We recently sat down with Tom Kiely, executive vice president, tourism, for the San Francisco Travel Association, who just returned from sales mission to Brazil and Argentina accompanied by 10 of his members and two board members, to get an update on how the two key South American source markets to the U.S. are faring. Excerpts from our conversation follow.
INBOUND: The Brazilian market in 2013 and 2014 was robust. What do you see from your trip?
Kiely: In Brazil the currency is somewhat deflated from last year and the US is more expensive, but the leading buyers told us that would mostly affect the middle (C) class—in Brazil they divide the socioeconomic classes into A,B and C—who are buying least expensive trips and for the US that’s Orlando and Miami. The “A” and “B” class travelers who have resources are exploring new destinations and California has been promoting heavily at shows and with representation. We also have our own representation.
INBOUND: What Makes Brazilians so valuable as tourists?
Kiely: In 2014, we had 100,000 Brazilian tourists and we expect a 10% increase. Unlike other source markets that usually visit only the most iconic attractions such as the Golden Gate Bridge or Fisherman’s Wharf, the Brazilians are 3 times as likely to explore new neighborhoods, dine at new restaurants and visit many out of the way attractions. They are explorers and big time shoppers.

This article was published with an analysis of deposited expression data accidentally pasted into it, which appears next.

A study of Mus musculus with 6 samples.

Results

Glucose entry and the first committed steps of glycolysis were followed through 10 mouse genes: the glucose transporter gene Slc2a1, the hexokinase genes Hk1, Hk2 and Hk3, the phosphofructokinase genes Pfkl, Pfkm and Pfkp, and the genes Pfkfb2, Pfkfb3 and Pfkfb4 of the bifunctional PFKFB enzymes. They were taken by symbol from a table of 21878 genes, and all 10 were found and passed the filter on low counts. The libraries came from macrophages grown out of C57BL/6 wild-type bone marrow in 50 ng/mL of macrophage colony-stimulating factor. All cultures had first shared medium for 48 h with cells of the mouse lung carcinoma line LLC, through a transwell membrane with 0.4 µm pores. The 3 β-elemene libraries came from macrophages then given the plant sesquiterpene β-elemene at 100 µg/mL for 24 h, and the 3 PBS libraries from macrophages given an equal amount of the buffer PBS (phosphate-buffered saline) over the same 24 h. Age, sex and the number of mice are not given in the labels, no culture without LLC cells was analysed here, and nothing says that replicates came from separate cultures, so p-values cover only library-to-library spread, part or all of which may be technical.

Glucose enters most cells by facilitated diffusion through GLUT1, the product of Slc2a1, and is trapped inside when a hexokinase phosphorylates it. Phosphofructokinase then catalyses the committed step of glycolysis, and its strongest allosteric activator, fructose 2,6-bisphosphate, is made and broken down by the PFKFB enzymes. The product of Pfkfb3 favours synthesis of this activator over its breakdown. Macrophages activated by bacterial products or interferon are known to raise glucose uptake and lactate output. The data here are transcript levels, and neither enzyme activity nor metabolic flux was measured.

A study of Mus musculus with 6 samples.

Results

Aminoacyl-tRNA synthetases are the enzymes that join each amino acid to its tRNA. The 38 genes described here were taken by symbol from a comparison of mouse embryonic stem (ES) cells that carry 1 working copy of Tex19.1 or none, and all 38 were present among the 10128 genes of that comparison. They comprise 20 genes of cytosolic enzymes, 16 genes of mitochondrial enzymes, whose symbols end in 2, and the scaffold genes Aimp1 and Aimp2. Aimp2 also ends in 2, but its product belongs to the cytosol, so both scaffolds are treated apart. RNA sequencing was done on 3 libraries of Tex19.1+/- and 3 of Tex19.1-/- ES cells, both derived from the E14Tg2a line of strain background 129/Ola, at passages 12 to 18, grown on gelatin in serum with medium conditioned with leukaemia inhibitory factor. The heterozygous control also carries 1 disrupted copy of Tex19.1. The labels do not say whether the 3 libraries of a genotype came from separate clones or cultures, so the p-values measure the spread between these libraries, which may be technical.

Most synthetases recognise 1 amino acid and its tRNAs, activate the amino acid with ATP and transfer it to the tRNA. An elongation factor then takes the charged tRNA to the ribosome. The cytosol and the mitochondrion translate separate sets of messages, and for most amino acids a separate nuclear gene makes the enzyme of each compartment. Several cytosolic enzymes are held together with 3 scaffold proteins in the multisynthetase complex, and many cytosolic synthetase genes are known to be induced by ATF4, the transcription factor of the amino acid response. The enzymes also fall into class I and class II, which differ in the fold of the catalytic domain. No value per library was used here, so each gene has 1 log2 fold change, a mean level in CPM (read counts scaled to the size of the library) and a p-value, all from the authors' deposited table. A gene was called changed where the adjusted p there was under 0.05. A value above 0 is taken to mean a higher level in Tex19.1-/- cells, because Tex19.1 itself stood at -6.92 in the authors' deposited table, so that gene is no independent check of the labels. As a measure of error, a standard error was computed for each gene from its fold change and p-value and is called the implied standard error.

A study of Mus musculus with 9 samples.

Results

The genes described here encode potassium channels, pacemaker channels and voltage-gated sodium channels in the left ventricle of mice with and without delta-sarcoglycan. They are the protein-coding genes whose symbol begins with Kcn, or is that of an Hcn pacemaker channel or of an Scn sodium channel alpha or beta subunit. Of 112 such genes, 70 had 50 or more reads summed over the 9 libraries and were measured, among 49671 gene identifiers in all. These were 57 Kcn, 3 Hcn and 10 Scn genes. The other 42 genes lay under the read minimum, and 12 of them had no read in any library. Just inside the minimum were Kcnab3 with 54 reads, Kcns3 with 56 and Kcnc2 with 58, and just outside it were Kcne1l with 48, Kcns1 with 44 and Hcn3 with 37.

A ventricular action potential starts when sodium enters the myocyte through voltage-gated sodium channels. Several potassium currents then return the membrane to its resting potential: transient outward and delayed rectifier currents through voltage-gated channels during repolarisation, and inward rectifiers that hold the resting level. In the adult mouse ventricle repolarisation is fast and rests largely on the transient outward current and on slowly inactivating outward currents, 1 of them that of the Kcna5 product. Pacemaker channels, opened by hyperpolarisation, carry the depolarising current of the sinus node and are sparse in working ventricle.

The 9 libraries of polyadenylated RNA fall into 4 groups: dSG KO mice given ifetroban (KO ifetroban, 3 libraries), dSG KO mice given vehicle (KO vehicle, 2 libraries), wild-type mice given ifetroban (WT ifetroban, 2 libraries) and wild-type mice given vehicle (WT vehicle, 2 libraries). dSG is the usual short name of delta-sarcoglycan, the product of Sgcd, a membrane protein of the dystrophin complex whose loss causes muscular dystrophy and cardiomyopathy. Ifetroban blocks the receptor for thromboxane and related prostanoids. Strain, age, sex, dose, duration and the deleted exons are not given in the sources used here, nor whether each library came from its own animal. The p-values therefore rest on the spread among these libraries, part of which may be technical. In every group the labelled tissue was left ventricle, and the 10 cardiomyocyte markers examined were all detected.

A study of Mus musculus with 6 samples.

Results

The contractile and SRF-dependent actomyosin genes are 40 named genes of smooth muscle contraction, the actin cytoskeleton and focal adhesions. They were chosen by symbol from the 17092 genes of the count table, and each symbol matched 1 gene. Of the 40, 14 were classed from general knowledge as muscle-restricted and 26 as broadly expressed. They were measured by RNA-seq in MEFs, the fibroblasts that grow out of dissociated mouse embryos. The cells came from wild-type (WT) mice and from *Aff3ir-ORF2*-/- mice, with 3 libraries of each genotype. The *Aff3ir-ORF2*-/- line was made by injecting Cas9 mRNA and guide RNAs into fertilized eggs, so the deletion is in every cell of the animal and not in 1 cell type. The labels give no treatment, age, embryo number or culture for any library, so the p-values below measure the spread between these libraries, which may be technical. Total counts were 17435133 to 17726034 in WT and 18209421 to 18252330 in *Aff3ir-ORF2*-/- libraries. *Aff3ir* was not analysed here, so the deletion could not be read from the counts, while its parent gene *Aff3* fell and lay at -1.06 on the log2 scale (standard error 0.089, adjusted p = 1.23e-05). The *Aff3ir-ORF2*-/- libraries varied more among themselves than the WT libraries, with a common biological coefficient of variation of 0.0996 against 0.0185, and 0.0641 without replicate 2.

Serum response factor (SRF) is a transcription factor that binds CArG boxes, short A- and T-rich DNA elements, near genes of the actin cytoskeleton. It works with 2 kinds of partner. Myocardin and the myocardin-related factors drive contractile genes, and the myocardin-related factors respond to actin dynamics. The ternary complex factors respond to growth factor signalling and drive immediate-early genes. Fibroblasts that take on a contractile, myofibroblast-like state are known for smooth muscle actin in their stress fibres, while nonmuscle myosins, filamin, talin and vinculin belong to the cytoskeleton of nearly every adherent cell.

INBOUND: What about Argentina?
Kiely: Argentina right now is a very difficult place to do business, especially in today’s business climate. Tour operators in Argentina told us everyone is waiting for the Presidential election that will take place later this year as they hope that a new president will be more open to economic improvements. Right now they a prohibited from take money in or out of the country, there are surcharges on credit card purchases outside the country, so the visitor are trying to game the system by pre-paying for everything.
The regulations were so restrictive we even had problems shipping our brochures to Buenos Aires and had to carry very heavy boxes of brochure that were to be handed out at events.
INBOUND: How were the missions structured?
Kiely: We conducted sales calls to the key buyers and media during the day and held dinners and networking functions for them in the evening. We had our president and CEO, Joe D’Allessandro, with us and his presence was critical for attracting major media coverage, which we received.